Published August 16, 2012 9:50 pm

Courts • Román says he agreed to take blame for the shooting because he intended to flee to Mexico.

As the slain deputy's family looked on — some shaking their heads — Roberto Miramontes Román told a 4th District jury that after selling and smoking methamphetamine with Greathouse in the early morning on Jan. 5, 2010, he and Greathouse drove together toward Hinkley to collect money that Greathouse owed him for drugs before being pulled over by Fox.

"I started to look out the side and I heard the sound of the AK-47. ... The sound you hear when you put a cartridge in the gun," Román testified, through an interpreter.

"I looked over at Ryan and he was holding it," Román added.

Román said Greathouse placed the weapon against Fox's chest and fired twice."

"It all happened really fast," Román said. "I heard two shots and between those two shots the scream of a woman."

Román said Greathouse began crying and told him that he had shot his sister. Román said he drove Greathouse to his home after agreeing to take the blame for the shooting and intending to flee to Mexico.

Román — who later confessed to police that he, Román, had shot the deputy — said Thursday that Greathouse had threatened his family.

"He said, 'Remember you have two children in high school and if you say anything the same thing will happen to them,' " Román recalled.

When defense attorneys asked Román why he didn't mention this following Ryan Greathouse's death from a drug overdose in April 2010, which ended the potential threat, Román answered that this was his first chance to testify.

Police have testified seeing Greathouse's Ford truck and Román's Cadillac leave in separate directions following the meeting on McCornick Road, where the drug deal allegedly occurred.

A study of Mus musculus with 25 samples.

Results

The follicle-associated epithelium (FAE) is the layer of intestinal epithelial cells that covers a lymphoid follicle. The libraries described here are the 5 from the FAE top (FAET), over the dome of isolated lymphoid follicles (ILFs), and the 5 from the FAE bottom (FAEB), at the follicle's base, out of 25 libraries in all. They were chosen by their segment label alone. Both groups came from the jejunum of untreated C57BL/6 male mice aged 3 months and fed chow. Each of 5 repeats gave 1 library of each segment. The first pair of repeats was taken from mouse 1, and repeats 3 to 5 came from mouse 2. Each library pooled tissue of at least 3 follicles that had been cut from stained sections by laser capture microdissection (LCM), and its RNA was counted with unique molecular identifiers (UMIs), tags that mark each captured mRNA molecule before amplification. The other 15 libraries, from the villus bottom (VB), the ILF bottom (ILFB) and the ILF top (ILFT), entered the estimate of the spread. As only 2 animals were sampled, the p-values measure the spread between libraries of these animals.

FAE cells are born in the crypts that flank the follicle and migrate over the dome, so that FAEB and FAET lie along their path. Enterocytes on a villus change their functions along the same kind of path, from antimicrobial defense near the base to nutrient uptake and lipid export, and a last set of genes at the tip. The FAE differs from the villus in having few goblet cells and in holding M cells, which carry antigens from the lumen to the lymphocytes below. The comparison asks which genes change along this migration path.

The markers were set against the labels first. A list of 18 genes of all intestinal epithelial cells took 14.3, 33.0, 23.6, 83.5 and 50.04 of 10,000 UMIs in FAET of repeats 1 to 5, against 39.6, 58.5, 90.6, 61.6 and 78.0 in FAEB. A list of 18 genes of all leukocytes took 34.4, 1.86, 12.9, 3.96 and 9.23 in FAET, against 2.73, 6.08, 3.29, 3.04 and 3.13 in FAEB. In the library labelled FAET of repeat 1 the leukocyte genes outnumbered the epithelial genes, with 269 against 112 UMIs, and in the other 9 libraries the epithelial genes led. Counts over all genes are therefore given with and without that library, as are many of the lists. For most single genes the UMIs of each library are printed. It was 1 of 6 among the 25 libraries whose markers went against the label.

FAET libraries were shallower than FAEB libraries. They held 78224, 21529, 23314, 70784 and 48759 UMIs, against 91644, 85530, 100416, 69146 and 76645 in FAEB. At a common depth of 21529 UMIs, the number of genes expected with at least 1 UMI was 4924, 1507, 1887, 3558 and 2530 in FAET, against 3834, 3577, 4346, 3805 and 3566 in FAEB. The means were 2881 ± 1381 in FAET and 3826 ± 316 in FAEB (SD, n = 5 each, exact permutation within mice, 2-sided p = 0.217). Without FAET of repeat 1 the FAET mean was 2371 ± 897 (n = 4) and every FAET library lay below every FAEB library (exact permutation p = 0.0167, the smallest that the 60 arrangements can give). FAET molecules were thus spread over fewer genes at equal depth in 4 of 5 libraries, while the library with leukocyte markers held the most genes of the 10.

But Román explained that a third man who was with them — someone whose name he does not remember — had agreed to drive Greathouse's truck home while Román and Greathouse went to collect the money.

Fox's sergeant, Rhett Kimball, has testified he saw two vehicles stop briefly on a rural road near McCornick. He ordered Fox to follow the Cadillac and gave her the go-ahead to make the traffic stop just outside of Delta because there was a question about whether the owner of the car had an outstanding warrant.

"10-4," Fox said over the radio just after 1 a.m. on Jan. 5. "I'll be over by the ballpark."

Those were the last words anyone heard from the 37-year-old deputy, prosecutors say, other than Román.

Román, 40, is charged in 4th District Court with first-degree felony aggravated murder and felony counts of evidence tampering and illegal possession of a dangerous weapon.

According to testimony earlier this week, Román fled north to Nephi and later to Salt Lake City, following the shooting. From there, he and another man, Ruben Chavez-Reyes, rode buses and TRAX trains south. They took a limousine around Utah County and later a cab to Beaver for $300. There they hoped to find a friend who could help them flee to Mexico, police said.

The men, unable to find their friend, hid out in a shed, burning burlap and gasoline to stay warm. In the morning, they were awakened by police and arrested.

Prosecutors had intended to seek the death penalty, but Judge Donald Eyre ruled last month that Román's IQ was below 70. By legal definition that means Román is mentally retarded and prosecutors cannot seek the death penalty.

If convicted of murder, Román faces possible sentences of 20 years to life or life without parole.